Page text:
Young Epilepsy is a national charity which works exclusively for children and young people aged 25 and under, who have epilepsy and associated conditions. In 2014, the Foundation awarded Young Epilepsy with a grant of £34,850 for the creation of a new Business Skills Area (Mock Office) within the Therapy and Skills Training centre for students attending Young Epilepsy’s Further Education College. In 2015 the new DM Thomas Foundation Business Skills Area was unveiled, and we share photos of the grand unveiling with you in November 2015’s edition of Highlights. We are now delighted to be able to share with you an update from one of the students who attends the college, to show what a difference it is already making.
Manuel is 20 and has attention deficit hyperactivity disorder (ADHD) and learning difficulties. He has been at Young Epilepsy since he was 11, starting off as a 52 week residential student. At first, Manuel struggled to settle in, as he found communicating difficult and displayed challenging behaviour as a result. Now at college, Manual attends weekly business administration lessons in the new DM Thomas Foundation Business Skills Suite to improve his employability prospects. Within this calming environment, Manuel has been able to maintain his focus, confidently compose and send descriptive emails, verbally communicate in a professional manner, work on his CV, practise completing application forms and practice job interviews. He has learnt how to deal with problems at work and has had training on health and safety in the work environment.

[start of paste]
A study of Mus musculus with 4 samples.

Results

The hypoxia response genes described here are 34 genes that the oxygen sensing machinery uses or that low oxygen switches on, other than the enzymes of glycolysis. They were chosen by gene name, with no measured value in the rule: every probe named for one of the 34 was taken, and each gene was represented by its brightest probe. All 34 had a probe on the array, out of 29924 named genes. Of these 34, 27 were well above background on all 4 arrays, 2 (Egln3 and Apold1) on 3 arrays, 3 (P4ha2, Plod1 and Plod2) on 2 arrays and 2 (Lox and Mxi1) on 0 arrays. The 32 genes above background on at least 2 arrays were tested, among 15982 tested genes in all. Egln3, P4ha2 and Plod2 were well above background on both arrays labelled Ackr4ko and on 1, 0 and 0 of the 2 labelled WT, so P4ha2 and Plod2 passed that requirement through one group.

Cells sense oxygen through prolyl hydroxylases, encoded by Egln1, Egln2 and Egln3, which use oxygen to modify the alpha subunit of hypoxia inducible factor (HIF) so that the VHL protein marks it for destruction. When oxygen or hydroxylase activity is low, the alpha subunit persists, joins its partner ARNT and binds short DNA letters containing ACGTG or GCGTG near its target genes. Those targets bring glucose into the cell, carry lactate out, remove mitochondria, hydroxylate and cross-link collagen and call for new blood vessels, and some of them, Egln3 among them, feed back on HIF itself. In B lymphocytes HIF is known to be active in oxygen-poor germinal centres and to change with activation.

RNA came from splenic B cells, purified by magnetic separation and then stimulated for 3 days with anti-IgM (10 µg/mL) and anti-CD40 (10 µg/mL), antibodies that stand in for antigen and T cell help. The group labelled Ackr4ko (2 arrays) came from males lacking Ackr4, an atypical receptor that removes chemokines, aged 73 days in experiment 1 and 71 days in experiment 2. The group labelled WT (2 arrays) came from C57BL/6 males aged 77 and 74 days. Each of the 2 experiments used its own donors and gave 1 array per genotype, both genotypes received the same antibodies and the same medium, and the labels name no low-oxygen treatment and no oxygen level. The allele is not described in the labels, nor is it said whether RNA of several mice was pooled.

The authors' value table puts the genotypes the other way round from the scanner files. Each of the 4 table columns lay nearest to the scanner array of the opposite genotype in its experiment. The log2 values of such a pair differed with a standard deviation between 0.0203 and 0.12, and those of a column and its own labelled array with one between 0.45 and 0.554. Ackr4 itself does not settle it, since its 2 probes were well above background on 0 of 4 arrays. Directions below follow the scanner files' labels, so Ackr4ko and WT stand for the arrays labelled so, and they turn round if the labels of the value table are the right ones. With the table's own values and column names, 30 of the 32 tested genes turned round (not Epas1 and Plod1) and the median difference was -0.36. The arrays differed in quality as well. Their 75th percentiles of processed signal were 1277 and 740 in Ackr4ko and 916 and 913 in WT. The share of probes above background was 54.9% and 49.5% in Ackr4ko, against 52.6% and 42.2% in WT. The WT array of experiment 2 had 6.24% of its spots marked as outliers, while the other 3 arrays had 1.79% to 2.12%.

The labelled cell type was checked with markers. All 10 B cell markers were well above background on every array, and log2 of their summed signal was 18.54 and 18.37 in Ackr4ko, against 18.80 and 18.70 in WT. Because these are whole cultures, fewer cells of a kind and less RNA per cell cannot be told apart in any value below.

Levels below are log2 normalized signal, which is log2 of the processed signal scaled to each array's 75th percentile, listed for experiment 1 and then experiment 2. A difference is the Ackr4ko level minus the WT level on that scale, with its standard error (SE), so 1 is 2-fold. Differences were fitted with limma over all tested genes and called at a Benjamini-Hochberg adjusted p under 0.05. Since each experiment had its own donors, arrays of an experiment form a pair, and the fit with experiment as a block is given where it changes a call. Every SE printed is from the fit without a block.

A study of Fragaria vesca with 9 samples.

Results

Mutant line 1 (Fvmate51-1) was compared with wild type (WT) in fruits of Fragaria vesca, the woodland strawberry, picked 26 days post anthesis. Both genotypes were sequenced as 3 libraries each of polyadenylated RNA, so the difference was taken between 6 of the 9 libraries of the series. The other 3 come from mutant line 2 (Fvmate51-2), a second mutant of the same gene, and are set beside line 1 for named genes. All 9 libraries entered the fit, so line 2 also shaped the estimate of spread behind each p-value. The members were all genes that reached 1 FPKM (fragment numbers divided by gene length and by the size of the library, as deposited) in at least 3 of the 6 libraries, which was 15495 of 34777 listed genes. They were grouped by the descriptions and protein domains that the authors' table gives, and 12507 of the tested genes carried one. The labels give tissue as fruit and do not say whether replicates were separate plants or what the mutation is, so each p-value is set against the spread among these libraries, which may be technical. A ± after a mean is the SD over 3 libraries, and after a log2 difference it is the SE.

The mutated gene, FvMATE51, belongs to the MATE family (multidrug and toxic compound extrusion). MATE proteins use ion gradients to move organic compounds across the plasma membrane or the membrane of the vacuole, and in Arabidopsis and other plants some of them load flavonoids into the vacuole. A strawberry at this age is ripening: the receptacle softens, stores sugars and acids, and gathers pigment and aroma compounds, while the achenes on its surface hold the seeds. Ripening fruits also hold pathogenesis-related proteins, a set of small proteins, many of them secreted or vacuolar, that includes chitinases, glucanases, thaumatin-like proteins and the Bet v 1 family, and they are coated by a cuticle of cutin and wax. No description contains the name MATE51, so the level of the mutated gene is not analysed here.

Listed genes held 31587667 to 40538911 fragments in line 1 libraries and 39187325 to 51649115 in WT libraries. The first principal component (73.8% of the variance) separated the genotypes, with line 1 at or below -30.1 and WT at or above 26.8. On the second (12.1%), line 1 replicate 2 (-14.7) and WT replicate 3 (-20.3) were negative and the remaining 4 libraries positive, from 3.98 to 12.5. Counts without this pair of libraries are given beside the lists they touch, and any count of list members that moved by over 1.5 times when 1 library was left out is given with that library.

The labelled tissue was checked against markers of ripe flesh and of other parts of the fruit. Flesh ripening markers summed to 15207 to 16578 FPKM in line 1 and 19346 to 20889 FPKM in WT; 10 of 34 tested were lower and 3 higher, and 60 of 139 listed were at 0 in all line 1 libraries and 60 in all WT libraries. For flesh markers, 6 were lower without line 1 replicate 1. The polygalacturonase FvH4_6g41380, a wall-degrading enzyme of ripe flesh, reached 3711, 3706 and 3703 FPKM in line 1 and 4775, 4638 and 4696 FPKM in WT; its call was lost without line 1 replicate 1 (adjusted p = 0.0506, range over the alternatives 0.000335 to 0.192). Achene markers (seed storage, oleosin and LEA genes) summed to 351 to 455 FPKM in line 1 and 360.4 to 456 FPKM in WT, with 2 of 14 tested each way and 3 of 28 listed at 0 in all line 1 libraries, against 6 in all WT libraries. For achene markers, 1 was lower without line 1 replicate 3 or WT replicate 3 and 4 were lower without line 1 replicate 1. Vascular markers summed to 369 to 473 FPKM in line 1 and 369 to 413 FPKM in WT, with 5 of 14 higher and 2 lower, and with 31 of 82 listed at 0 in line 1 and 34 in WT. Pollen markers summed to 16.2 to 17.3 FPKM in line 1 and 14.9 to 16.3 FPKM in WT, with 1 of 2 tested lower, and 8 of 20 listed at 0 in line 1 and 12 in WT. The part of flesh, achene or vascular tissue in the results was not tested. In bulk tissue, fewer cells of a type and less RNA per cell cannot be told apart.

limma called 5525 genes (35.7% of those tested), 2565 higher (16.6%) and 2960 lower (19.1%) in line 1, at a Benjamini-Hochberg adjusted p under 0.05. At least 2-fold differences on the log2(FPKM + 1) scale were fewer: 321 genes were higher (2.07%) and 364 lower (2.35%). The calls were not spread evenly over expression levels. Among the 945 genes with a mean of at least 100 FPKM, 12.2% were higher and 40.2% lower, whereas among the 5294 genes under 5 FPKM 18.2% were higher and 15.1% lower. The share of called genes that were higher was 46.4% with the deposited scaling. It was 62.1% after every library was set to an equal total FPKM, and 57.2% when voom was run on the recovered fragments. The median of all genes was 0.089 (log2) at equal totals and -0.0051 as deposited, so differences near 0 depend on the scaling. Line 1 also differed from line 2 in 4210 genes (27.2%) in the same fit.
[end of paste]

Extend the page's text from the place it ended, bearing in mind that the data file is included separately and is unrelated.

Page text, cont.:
Manuel is part of the Hospital Project led by Surrey Choices EmployAbility, who provide work placements for adults with learning difficulties. He was successful in his interview for a position in the hospital canteen and will start his placement next term for two whole days a week, which will involve customer service, food preparation and cleaning. He is also in the running, along with another Young Epilepsy student, for an additional role at the hospital during the summer term.
The skills Manuel is learning at college extend to all areas of his life, as well has preparing him for employment. His new found skills came in handy recently, when he accidentally left his bag at a train station. He emailed his tutor to say he would be late, searched the internet to find the number of the train station and submitted a lost baggage form independently.
Manuel is rightly proud of his achievements and says: “the best thing is learning new skills. It makes me happy”.
Young Epilepsy’s Work Based Learning Coordinator, Wendy Tester, said “this space is a great addition to the campus. It’s amazing when a student gets a placement, it’s a real achievement and anything that aids that is only a good thing”.